Wed, 08 Jan 2020

The Department of Health and Social Care is aiming to bridge the technology gap between the NHS and social care by providing local authorities with additional funding to invest in digital innovations to help people live independently for longer.

Spearheaded by Matt Hancock, Health and Social Care Secretary, the government says the additional money can be used to help drive and develop new initiatives in social care, with a particular mention to “artificial intelligence with assistive technology.”

According to the department, innovations in AI and assistive tech could include using sensors to establish normal behaviour for individuals, for example, sleep patterns, use of kettles and walking routes, and alerting carers where there are variances.

In addition, the government hopes the funding will help improve sharing of information across the NHS and social care, potentially creating shared care records which combine both medical and social care information that both NHS and care staff can access, as well as better integration of IT systems between care homes and hospitals.

“It’s no good in the 21st century having 20th-century technology at work,” commented Hancock.

“This investment is committed to driving forward the most basic frontline technology upgrades, so treatment can be delivered more effectively and we can keep pace with the growing demand on the NHS.”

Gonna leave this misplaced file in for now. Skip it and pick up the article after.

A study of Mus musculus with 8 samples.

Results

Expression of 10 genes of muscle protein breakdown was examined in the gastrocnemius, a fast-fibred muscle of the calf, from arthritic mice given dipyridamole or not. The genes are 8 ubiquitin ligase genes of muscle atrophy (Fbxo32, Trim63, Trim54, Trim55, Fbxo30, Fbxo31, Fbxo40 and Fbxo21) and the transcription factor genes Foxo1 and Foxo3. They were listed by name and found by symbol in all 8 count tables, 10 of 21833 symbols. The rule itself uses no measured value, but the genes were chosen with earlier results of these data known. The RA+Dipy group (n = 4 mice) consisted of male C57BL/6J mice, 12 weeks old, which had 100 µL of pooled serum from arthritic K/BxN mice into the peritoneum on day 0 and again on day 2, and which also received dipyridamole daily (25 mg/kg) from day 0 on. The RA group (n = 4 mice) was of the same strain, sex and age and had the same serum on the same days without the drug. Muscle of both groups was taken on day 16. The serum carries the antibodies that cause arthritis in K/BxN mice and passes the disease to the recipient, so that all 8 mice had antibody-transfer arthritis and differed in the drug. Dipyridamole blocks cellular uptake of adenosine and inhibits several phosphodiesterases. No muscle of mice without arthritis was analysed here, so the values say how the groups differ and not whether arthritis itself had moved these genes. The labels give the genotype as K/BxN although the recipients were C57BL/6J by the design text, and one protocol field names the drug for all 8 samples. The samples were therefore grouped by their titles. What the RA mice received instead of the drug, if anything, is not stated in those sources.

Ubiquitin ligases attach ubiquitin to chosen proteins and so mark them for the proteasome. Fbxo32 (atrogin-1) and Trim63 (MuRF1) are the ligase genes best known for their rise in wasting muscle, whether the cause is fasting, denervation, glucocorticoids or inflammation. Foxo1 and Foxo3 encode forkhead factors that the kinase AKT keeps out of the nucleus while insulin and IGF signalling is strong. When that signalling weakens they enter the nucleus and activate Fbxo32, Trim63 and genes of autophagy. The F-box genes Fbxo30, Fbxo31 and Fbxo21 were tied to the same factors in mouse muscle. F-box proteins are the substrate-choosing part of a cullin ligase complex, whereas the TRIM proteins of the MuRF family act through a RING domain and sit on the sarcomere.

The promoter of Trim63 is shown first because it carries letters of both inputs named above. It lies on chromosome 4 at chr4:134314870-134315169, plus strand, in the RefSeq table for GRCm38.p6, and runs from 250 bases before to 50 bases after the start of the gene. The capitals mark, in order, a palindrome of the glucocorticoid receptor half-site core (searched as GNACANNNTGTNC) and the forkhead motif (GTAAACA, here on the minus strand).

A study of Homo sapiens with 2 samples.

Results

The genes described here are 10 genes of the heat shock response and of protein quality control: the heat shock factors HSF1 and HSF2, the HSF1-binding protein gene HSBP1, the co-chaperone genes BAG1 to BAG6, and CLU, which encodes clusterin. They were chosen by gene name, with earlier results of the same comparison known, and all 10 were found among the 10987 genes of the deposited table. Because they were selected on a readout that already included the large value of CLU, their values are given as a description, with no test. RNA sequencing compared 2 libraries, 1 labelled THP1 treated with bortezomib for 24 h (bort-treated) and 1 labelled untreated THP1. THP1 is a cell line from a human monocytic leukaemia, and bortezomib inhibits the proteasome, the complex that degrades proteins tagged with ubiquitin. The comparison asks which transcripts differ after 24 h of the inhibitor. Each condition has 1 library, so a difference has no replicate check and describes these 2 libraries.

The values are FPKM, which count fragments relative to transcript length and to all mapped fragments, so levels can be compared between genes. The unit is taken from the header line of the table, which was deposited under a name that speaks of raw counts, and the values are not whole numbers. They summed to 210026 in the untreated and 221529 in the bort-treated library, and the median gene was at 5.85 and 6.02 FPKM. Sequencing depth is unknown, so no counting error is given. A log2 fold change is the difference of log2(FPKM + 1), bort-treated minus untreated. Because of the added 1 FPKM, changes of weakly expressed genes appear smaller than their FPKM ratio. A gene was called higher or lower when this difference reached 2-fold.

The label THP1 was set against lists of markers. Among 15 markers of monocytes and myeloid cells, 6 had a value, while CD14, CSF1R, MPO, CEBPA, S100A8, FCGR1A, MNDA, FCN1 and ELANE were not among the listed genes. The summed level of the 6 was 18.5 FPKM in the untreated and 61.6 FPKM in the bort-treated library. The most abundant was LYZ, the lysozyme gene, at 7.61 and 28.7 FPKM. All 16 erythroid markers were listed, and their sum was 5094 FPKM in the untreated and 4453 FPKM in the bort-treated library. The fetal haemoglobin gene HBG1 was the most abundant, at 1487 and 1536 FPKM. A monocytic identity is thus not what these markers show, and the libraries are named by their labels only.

Alongside the additional funding for local authorities, the government is establishing a new ‘digital aspirant’ programme to improve the digital capability of NHS trusts, promising funding over several years to assist with digital transformation projects.

The Health and Social Care Secretary also plans to design a model of what excellence looks like, so that all provider across the health and social care spectrum – from mental health trusts to care homes – understands what changes they need to implement to be outstanding on technology in the 2020s.

This will be assessed as part of the Care Quality Commission’s (CQC) inspection regime, highlights the government, with trusts expected to meet minimum technology standards.

The latest commitments from the Department of Health and Social Care follows the reelection of Boris Johnson as Prime Minister, in which during the election campaign he made numerous pledges to tackle what is widely being considered a crisis in social care.